Published in News
Metallica backpedals on digital downloads
After alienating many fans, the band will try something new
Metallica, more than any other band, has perhaps been the ‘poster child’ in some consumers’ minds as the band who came out the hardest against music downloading. Perhaps the band has realized the potential error of their ways, as they have now announced that they will offer the upcoming new Metallica album in high bit rate DRM-free MP3s.
This news comes as somewhat of a surprise, but Metallica have always been innovators and their new initiative marks a new direction that may trigger similar offerings in the future by other bands, as well. Metallica’s plan is to open a new Web site for their upcoming release called “Mission: Metallica,” which will offer a chance for fans to experience the new album before it is done in unprotected MP3 format.
The Web site itself will be a hub for an inside look at the entire process of the making of the new album, which has been in production for almost two years. When the album is released it will be available in the typical CD format, as well as vinyl, and on the day of release 320kpbs unprotected DRM-free MP3 format. In addition, the Web site will offer a look at the making of the record with photos, video and other extras. The site hopes to become a “Metallica social network” for fans.
While the site will not offer fans the actual finished album for free, they will offer fans a variety of options to purchase the music in unprotected DRM-free MP3 format on the day of release with additional bonus and exclusive material that can only be had by ordering the album through the Web site. Packages range in price from US$12 to $125, depending on what the fan chooses when registering.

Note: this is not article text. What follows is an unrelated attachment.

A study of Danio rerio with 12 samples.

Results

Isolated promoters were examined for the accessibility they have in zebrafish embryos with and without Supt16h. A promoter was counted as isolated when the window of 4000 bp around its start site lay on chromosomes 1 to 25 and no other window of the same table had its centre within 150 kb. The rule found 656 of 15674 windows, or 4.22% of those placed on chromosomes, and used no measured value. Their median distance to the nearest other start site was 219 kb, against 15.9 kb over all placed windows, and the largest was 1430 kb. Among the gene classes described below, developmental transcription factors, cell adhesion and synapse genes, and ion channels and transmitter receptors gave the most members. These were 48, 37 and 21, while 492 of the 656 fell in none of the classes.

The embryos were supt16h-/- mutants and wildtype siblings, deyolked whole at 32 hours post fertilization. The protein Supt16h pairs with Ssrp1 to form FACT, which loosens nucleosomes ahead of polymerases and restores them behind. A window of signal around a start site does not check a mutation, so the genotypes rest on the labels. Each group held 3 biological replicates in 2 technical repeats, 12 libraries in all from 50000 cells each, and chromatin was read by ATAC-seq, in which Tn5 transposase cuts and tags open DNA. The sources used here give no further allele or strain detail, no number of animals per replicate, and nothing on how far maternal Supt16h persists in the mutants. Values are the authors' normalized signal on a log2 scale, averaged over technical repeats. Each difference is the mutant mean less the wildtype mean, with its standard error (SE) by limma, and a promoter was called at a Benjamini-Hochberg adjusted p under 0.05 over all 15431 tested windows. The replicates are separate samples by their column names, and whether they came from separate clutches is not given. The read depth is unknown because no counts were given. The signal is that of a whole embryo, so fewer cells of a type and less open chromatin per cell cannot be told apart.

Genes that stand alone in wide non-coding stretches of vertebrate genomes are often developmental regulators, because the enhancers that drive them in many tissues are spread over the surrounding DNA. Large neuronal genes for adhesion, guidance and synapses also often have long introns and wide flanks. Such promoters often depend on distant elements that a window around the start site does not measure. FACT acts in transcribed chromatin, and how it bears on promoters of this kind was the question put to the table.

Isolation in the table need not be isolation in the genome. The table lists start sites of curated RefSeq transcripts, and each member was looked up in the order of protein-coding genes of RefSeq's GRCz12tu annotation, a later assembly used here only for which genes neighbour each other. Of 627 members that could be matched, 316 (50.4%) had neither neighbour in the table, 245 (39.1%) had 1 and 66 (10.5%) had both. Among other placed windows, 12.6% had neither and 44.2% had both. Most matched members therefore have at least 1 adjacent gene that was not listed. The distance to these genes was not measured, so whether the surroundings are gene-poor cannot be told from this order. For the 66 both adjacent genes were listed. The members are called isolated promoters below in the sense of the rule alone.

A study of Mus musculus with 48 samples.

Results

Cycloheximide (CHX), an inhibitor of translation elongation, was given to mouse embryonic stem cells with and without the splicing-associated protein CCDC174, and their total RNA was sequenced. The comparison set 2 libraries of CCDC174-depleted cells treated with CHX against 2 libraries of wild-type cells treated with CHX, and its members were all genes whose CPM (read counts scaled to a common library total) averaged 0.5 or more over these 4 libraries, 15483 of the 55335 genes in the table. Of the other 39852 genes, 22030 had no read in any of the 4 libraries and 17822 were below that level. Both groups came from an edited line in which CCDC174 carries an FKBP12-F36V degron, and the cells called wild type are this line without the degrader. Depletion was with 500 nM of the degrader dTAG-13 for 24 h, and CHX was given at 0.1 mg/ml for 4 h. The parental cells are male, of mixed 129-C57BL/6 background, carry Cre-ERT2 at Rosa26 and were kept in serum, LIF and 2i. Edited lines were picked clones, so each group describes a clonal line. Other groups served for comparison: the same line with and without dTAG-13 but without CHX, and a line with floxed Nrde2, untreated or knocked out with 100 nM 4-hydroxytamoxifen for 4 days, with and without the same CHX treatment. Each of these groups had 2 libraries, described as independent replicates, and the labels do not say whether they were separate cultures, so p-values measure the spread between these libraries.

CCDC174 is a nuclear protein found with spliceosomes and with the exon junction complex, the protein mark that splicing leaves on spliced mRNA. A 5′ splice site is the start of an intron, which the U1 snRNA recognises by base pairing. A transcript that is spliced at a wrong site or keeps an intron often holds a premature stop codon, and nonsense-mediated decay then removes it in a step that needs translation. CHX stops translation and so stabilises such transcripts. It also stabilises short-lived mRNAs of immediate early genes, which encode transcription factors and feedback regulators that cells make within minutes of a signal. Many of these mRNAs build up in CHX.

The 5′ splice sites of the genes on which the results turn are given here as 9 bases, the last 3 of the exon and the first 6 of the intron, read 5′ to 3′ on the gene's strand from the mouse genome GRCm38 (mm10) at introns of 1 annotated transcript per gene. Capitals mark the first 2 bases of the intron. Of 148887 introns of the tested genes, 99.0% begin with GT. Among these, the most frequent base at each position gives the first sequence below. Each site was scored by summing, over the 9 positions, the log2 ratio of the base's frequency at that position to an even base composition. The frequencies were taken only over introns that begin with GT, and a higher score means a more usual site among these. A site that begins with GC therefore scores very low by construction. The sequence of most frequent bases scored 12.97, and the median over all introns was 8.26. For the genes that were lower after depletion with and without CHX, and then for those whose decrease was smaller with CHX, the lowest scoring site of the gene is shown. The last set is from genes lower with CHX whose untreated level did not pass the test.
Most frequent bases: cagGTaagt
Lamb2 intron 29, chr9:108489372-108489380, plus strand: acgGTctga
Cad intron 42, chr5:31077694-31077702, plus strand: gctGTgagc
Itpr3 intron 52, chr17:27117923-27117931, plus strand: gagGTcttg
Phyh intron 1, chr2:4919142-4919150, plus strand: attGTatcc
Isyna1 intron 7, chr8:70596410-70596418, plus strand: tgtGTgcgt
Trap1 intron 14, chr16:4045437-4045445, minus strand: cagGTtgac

While this solution isn’t perfect or the donation that you think the album is worth, this format that has been toyed with by other artists and it does go a long way toward ending the long-running feud between Metallica and its fans on the Web and digital content in general. It would appear that the band has not abandoned all of their record company roots with this move, but it shows a serious effort toward trying to understand how music in digital formats needs to be handled. It remains to been seen what kind of impact Metallica will have with this initiative and how it will affect fans in the long term.